U.S. Rep. Bobby Rush

U.S. Rep. Bobby Rush

Rush wants lower phone rates for inmates

From staff reports

U.S. Rep. Bobby L. Rush (D-1st) this month continued his push for his Martha Wright Prison Phone Justice Act (H.R. 2489) in the Energy and Commerce Committee’s Subcommittee on Communications and Technology.

BobbyRush

U.S. Rep. Bobby Rush (D-1st)

The bill would ban the commissions that prisons and other confinement facilities receive from communications providers, which are the primary cause of what some call exorbitant prison phone rates. It would also cap intrastate and interstate phone services at four cents per minute for debit prepaid calling and five cents per minute for collect calling.

Rush said American households collectively pay $1 billion to call family members in prison every year, and more than a third of families go into debt to pay for phone calls and visits to incarcerated loved ones.

Rush has fought to lower prison phone rates and reintroduced his Martha Wright Prison Phone Justice Act last spring. Today’s

A Communications and Technology Subcommittee hearing, held earlier this month, is a necessary first step in advancing the bill to the House floor under regular order.

“Several studies, going as far back as the 1970s, have shown that prisoners who are able to maintain close contact with loved ones experience better post-release outcomes and have lower recidivism rates,” said Rush in his questioning of witness Cheryl Leanza, a policy advisor at the United Church of Christ, Office of Communications. “This is an important aspect of rehabilitation not only for those that are incarcerated and their loved ones, but also for the communities where they reside. Can you discuss how the current prison phone model discourages this extremely close contact relationship?”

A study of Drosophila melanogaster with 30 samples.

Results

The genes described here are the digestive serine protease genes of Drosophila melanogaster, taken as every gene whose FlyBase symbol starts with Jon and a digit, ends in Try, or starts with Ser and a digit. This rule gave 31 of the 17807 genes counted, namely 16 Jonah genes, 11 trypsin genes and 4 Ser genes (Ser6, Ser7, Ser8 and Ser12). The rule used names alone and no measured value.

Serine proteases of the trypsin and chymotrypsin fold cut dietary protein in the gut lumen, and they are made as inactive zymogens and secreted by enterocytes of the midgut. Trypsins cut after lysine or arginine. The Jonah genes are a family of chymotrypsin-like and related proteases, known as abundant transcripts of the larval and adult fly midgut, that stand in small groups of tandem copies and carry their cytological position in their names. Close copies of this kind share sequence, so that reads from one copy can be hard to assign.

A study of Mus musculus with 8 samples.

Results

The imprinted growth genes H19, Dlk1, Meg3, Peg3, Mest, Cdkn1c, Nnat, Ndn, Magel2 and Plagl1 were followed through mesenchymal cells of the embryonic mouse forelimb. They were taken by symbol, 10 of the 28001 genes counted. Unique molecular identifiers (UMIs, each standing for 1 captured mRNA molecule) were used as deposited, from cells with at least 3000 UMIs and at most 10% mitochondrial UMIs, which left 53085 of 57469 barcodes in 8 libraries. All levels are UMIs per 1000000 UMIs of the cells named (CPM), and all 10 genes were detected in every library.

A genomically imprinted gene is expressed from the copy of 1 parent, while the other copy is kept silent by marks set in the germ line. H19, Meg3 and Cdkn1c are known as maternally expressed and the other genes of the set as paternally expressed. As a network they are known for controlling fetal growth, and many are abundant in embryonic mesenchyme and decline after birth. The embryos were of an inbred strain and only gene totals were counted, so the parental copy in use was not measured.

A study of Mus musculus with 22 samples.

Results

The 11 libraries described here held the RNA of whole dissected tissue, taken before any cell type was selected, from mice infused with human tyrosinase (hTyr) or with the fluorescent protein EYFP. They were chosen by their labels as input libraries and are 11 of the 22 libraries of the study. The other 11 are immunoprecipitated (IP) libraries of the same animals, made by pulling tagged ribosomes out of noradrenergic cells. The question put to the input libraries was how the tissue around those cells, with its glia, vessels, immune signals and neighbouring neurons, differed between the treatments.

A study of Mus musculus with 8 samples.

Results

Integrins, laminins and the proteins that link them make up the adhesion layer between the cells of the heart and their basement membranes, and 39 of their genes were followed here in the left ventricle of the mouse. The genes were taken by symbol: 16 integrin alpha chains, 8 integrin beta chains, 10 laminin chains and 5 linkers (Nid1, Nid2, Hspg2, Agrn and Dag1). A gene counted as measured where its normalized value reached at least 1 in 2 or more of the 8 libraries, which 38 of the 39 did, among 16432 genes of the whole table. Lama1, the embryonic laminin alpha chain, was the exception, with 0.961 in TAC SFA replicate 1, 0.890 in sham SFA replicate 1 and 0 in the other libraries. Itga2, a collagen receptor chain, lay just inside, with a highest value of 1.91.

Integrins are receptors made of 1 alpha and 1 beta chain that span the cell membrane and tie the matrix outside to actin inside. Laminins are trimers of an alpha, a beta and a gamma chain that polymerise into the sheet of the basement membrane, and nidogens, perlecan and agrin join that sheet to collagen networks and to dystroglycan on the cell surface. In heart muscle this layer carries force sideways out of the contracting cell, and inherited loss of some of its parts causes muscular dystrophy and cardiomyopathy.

Leanza replied, “Yes. There is no more effective — and more cost-effective way — to improve outcomes than to give people who are incarcerated close ties to the community outside, so that when they are finished with their term, they can find a job, find a place to live, their family relationships with their children [and] spouses will continue to be strong and vibrant, and they will be able to reenter society fully and successfully. So, it is a part of safe communities to allow people to successfully reintegrate into society if they can keep those communications vibrant while they are inside.”

Rush’s legislation is named for Martha Wright-Reed, a Washington, D.C. resident who filed a lawsuit against the Federal Communications Commission in 2000, claiming that prison phone charges forced her to choose between paying for her medication and communicating with her incarcerated grandson. She continued her fight until her death in 2015.